Thankfully for Inoue, and for fight fans, those hand injuries have healed and on December 29th the youngster returns to make the first defense of the WBO Super Flyweight title that he won last December, when he blew away Omar Andres Narvaez. In the opposite corner will not be a patsy and instead it will be mandatory challenger Warlito Parrenas (24-6-1, 21), a heavy handed, aggressive and under-rated Filipino.
As with most of Inoue's bouts so far this is a tough test, though as we've seen through out his career, he's a fighter who is significantly better than most out there, and in fact he could well be a future claimant to the #1 spot on the mythical pound-for-pound list.
Inoue was pegged for stardom from his days as an amateur and and he has been raced to becoming a star. In just his 4th bout be claimed the Japanese Light Flyweight title, defeating current world champion Ryoichi Taguchi, a fight later he claimed the OPBF Light Flyweight title and then he claimed the WBC Light Flyweight title, stopping Adrian Hernandez. In just 8 fights has become a 2-weight world champion, one of the faces of Japanese boxing and a man who some are suggesting could be the man to finally end the long unbeaten run of Roman Gonzalez. He is, arguably, the leading figure in the next wave of Japanese superstars and is possibly the man to bring western TV cameras over to the east.
At his best Inoue is a boxer-puncher with frightening power, alarming accuracy, blurring speed, an instinctive knowledge of what shots to through and a natural ring awareness. Although he's a boxer-puncher he has shown an ability to be a brawler, an outside fighter and a pure counter puncher. Looking for something that he lacks is like looking for a needle in a haystack, however if being overly critical there are some issues with his defense, at least when he's been a bit too comfortable against some opponents, and of course the hand issues, which hopefully will not reoccur in the future.
Whilst in the ring Inoue is a sensation and one of the most natural fighters in the sport he does, of course, have a lot of pressure on his young shoulders. The 23 year old is viewed as being something special and knows that millions watch him in Japan on Fuji TV. He also knows that he is expected to perform like a star, despite spending a year out of the ring. He will also, perhaps, be worried about re-injuring the hand. The Inoue we see against Parrenas may not be the same Inoue that we saw destroy Narvaez and this is a real worry.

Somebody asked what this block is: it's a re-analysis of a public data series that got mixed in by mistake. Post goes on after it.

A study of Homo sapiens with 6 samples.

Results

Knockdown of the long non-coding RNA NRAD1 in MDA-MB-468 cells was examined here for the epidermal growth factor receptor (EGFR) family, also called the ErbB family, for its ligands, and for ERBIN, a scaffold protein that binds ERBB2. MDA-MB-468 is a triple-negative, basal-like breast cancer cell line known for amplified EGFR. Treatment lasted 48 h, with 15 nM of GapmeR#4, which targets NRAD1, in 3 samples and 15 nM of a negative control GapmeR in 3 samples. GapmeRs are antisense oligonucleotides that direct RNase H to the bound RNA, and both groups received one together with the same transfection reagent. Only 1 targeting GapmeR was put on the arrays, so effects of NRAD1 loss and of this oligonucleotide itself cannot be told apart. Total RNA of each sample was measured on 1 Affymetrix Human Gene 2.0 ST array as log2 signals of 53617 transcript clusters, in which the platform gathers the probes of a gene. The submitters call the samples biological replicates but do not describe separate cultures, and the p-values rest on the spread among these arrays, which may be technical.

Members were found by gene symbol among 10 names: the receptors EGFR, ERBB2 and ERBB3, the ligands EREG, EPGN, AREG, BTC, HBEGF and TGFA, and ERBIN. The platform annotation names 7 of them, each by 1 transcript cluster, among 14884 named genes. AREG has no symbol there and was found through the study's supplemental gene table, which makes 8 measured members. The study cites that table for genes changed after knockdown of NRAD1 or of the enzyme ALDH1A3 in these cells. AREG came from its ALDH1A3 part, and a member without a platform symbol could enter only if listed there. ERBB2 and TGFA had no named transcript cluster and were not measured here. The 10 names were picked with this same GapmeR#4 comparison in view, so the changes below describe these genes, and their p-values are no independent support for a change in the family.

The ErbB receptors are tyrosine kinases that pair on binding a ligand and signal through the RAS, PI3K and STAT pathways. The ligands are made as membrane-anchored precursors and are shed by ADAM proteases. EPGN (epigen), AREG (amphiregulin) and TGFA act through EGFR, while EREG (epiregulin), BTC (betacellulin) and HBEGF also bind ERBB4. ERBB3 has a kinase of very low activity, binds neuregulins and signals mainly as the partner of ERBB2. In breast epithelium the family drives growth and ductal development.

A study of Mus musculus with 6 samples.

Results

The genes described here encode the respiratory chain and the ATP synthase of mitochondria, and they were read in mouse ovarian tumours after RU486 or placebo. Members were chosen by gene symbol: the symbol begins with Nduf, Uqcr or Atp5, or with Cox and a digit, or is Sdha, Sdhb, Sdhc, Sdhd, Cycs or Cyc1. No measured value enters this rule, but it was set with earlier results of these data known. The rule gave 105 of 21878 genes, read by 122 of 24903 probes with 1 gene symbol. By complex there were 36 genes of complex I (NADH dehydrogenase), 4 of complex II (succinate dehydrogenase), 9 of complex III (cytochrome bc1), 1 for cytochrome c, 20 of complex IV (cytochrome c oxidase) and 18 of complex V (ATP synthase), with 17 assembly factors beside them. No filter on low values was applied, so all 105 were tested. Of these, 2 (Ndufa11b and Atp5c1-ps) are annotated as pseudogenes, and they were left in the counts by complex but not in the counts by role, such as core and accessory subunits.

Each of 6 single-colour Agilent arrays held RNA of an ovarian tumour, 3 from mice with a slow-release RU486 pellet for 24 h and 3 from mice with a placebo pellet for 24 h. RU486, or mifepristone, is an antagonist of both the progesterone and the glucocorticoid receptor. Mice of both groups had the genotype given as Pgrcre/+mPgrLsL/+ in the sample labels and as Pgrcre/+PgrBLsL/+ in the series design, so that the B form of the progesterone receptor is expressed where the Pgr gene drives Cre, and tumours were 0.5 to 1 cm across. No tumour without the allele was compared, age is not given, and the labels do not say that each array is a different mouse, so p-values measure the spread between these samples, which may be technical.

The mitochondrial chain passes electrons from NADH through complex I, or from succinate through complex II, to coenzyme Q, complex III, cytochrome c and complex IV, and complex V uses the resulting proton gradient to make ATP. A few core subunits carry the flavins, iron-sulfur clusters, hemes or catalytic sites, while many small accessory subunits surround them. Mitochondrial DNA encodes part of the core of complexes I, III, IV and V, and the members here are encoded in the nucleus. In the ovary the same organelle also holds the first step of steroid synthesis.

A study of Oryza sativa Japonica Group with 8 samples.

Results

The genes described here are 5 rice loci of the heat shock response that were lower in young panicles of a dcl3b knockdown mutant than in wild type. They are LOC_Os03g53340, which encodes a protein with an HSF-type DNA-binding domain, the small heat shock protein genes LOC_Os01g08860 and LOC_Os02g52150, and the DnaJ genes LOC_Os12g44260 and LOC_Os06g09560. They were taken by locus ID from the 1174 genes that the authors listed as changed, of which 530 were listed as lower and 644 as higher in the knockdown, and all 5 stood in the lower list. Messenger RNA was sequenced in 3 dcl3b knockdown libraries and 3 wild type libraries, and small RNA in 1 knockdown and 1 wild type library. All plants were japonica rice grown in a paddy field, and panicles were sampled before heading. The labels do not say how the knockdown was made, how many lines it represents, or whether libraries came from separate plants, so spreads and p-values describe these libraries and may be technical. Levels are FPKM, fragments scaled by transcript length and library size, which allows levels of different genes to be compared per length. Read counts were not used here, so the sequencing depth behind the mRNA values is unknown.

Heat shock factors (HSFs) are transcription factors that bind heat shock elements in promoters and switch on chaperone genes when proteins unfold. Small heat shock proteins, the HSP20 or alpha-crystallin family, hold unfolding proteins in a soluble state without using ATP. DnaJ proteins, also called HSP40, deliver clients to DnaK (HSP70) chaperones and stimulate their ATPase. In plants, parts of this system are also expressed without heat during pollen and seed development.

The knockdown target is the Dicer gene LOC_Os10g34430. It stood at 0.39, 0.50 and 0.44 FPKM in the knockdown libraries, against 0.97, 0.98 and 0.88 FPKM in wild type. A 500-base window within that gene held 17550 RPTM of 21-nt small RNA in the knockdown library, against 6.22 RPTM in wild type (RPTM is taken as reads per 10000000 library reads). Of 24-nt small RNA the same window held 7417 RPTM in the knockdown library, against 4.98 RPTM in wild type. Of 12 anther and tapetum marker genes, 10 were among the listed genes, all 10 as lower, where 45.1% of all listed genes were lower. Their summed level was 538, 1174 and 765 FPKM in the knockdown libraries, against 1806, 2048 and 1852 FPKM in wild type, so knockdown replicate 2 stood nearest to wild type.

When it comes to Parrenas we know we're talking about a much lower profile fighter than Inoue, but one who is himself incredibly exciting. The Filipino is a monstrous puncher, and has 12 stoppages in the first 3 rounds. He's a danger man early on but also dangerous late and has shown solid punching power late into fights, although he has never scored a stoppage after the 8th round. Not only is he heavy handed but he always comes to fight and has a great engine, as he showed last time out against David Carmona, where he fought at a high pace for 12 rounds.
Whilst Parrenas is an aggressive banger here are certainly some issues with him. He has been stopped 4 times, and his chin is very questionable. He can certainly give it out, but it seems that he's not so good at taking it. Whilst it's fair to say that being stopped by Marlon Tapales and Jonathan Taconing isn't too bad he has also been stopped by Erwin Picardal and Oscar Blanquet, and was also dropped by Atsushi Kakutani, in a memorable 172 second bout. Those chin issues, especially early, could be a problem here, as is the fact he can be rather wild and wide and leaves himself open to counters, something that Inoue will take advantage of.
Whilst Parrenas has been stopped 4 times, and beaten 6 times, he is currently on an unbeaten run of 7-0-1 and has gone 12-1-1 in his last 14. Those runs have shown that he's improved. He's beaten fighters like Kakutani, Koji Itagaki, Tomoya Kaneshiro and Espinos Sabu whilst also fighting to a draw with Carmona, in what seemed to be a very unfortunate result for Parrenas. The improvement in Parrenas has been impressive but it's still a huge step up in class for the Pinoy puncher.
If Inoue is close to the fighter he was a year ago it's hard to see him losing to Parrenas, despite the danger that the Filipino brings. If however Inoue is rusty then Parrenas certainly has a chance to at least chin check the “Monster”. Our guess however is that Hideyuki Ohashi and Shingo Inoue wouldn't let Naoya fight unless they were confident he was fully healed, fully fit and had impressed in sparring. With that in mind we can't see anything but an Inoue stoppage, likely inside 5 rounds.